Sunday, December 5, 2016
When I was thirteen, my parents and I took a sabbatical to Paris. It was the spring semester of 1983, and my Dad was a computer science professor at the University of Michigan. We were due to stay a little over six months. I was adamantly against the idea.
A semester of eighth grade at an American junior high school in the early 1980s--who could possibly want to miss out on that? As it was, I had hardly any friends. I'd grown apart from most of my friends from elementary school, which ended after eighth grade, and hadn't made many new ones in my first year of junior high. Nevertheless, the prospect of going to France terrified me. For months before our departure in early January, every time my parents started talking about our trip at the dinner table, I always said the same thing: why not just stay in Ann Arbor? My bitching and moaning continued after our arrival. The first couple of weeks we stayed with friends in Meudon while my parents trudged into Paris every day to meet with real estate agents and look at apartments. I'd brought one book with me, and finished it within ten days. It was called "Successful Investing," and my parents had given it to me for Christmas a few weeks earlier. In those days, I was very interested in the stock market.
Mom and Dad found an apartment in the fifteenth arrondissment, not too far south from the Montparnasse tower. The first time I saw it, I declared it a dump within thirty seconds of entering the place. I resolved to tell my parents every night, just before going to bed, that I hated Paris. Every day, I made a point of wearing shirts that said either "Ann Arbor" or "The University of Michigan" on them. I attended school at the Ecole Bilangue, a private school located near the Parc Monceau in the sixteenth. The largest contingent of students was from the United States, but together we made up only about twenty percent of the school. There were no French students, but we did have classmates from pretty much all over the world. I distinctly remember one girl, who was from the Soviet Union, explaining to me what the Armenian Socialist Republic was. She was from Yerevan.
At school we had at least two hours of French a day, and a number of our other classes--including math, art, and physical education, were taught in French. We typically had ninety minutes for lunch, and usually I'd go to a sandwich shop or a cafe with my classmates. They all knew how to order, and taught me handy phrases. At the weekends, we'd meet up sometimes in groups--something I never did with my friends in Ann Arbor. We'd go to O'Kitch--the ersatz McDonalds located on the Champs-Elysees at a time when the American fast-food giant wasn't yet allowed to open a store in France--then check out a movie in the version originale at one of the big cinemas down the street. On one occasion we went roller-skating at La Main Jaune. Some of the kids occasionally threw parties--chaperoned by their parents. My best buddy from those years--a kid named Peter, from Kentucky--showed me how the elevator in the building where one of our friends lived would bounce if you jumped hard enough while going up. We ended up getting trapped in the elevator for about twenty minutes, after which our friend's Dad asked us if we'd been jumping. We of course denied it, then later assumed he'd asked because he'd done the same thing.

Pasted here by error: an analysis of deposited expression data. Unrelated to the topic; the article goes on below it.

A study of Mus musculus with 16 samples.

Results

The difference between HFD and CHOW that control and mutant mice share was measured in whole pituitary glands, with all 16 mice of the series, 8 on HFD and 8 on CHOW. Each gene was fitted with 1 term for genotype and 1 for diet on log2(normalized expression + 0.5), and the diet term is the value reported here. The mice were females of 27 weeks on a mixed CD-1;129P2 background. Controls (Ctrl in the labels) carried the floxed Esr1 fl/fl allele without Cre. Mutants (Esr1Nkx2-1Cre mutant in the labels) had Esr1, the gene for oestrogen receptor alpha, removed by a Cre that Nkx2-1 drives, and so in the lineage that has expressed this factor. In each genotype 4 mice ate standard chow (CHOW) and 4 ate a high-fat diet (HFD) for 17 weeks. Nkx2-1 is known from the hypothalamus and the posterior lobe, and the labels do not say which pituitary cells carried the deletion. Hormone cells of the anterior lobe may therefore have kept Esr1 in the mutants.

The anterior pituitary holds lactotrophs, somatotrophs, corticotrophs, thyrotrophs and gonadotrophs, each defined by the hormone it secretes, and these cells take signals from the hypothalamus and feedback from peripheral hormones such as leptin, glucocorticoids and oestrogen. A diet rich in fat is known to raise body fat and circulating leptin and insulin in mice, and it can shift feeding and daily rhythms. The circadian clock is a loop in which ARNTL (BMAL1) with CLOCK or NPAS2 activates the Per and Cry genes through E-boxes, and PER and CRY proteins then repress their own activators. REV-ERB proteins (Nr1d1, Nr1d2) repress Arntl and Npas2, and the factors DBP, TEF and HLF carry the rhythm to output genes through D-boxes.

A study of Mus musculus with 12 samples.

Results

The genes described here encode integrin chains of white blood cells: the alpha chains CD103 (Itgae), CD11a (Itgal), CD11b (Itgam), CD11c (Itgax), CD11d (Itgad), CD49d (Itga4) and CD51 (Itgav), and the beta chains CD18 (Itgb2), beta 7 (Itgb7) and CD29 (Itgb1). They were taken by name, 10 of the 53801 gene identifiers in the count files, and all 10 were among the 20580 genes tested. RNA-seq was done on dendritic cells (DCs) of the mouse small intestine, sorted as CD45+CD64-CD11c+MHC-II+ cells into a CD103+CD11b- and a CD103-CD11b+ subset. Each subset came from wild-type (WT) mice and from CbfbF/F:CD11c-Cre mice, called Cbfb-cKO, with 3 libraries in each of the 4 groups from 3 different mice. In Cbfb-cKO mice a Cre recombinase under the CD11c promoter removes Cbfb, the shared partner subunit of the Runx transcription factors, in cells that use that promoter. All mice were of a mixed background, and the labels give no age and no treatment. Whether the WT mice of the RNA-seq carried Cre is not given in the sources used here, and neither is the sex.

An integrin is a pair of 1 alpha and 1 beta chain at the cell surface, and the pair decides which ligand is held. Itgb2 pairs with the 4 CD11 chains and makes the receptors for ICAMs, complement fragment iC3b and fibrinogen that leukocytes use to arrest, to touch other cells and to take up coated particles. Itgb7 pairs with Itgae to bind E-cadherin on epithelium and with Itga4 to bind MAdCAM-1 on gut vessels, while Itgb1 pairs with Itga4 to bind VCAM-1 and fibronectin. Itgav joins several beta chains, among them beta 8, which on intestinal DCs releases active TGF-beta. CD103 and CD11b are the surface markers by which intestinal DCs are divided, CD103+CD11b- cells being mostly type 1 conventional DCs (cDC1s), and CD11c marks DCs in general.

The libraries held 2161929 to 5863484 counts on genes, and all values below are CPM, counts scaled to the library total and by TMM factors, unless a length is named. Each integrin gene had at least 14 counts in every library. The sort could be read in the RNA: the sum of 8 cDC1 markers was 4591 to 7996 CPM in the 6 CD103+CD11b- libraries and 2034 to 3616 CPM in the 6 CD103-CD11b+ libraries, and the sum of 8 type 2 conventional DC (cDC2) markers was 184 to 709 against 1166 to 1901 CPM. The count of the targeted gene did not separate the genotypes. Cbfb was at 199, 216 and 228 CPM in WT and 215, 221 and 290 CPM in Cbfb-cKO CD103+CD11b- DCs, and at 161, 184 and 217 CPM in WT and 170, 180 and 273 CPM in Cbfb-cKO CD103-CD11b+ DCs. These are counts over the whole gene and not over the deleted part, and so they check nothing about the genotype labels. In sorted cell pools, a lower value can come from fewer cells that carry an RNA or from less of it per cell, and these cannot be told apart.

Whereas my weekends in Ann Arbor had usually consisted of watching "Love Boat" and "Fantasy Island" on television, in Paris I had a lot more freedom. I had a metro pass, and if I was out with friends it was okay if I returned relatively late. Sometimes at the weekend I'd just explore the city by metro. I was fascinated by some of the weirder metro lines, such as the ones which only had two or three stops. I'd ride them from beginning to end. On my way to and from school the metro would rise above the surface in order to cross the Seine, affording us all a view of the Eiffel tower.
|The view from my old ride to school|
In Ann Arbor, much of our time was spent in front of the television. In Paris, we also watched TV sometimes, but a lot less of it. My Dad had started playing backgammon at work with his colleagues, and he bought a game for the apartment and taught my Mom and me how to play. We had round-robin tournaments that went for hours, playing for a half-franc a game. At the weekends we'd sometimes rent a car and drive out to other parts of the country, including Normandy (where I'd spend a summer with a French family three years later), Brittany, and the Loire Valley. Over Eastern break we went down to Tunisia for a week. I bought my Mom some flowers on May Day.
And now I'm on a sabbatical of my own, something I'd frankly been dreaming of ever since I started my academic career in the fall of 1999, when I started an MA. Back then, the idea of going on sabbatical meant a lot of things to me, including the fact that I'd have made it. If you're going on sabbatical, that means you'd managed to somehow clear all of the hurdles: getting into a PhD program, finishing it, finding a tenure-track job, getting tenure, publishing a book, etc. I think it's pretty safe to say that, were it not for my experiences in Paris with my parents, I probably wouldn't be in Moscow right now.
|The Kremlin, from the Patriarch's bridge|
|It's always sunny in Moscow|
|This Turk across empires got his start in Paris|
|From my ride to the archives now|
|On my way home from the archive|
But I think that the biggest changes--the real effects of self-reinvention--will probably become easier to see only later, after I'm back in the US. For now, I just feel the pangs associated with growth, but I recognize the sensation as something I've experienced before.
Are you a Turk across empires? Order a copy today, then get another one for your libarary.
More commentary, photos, and links can be found at the Borderlands Lounge.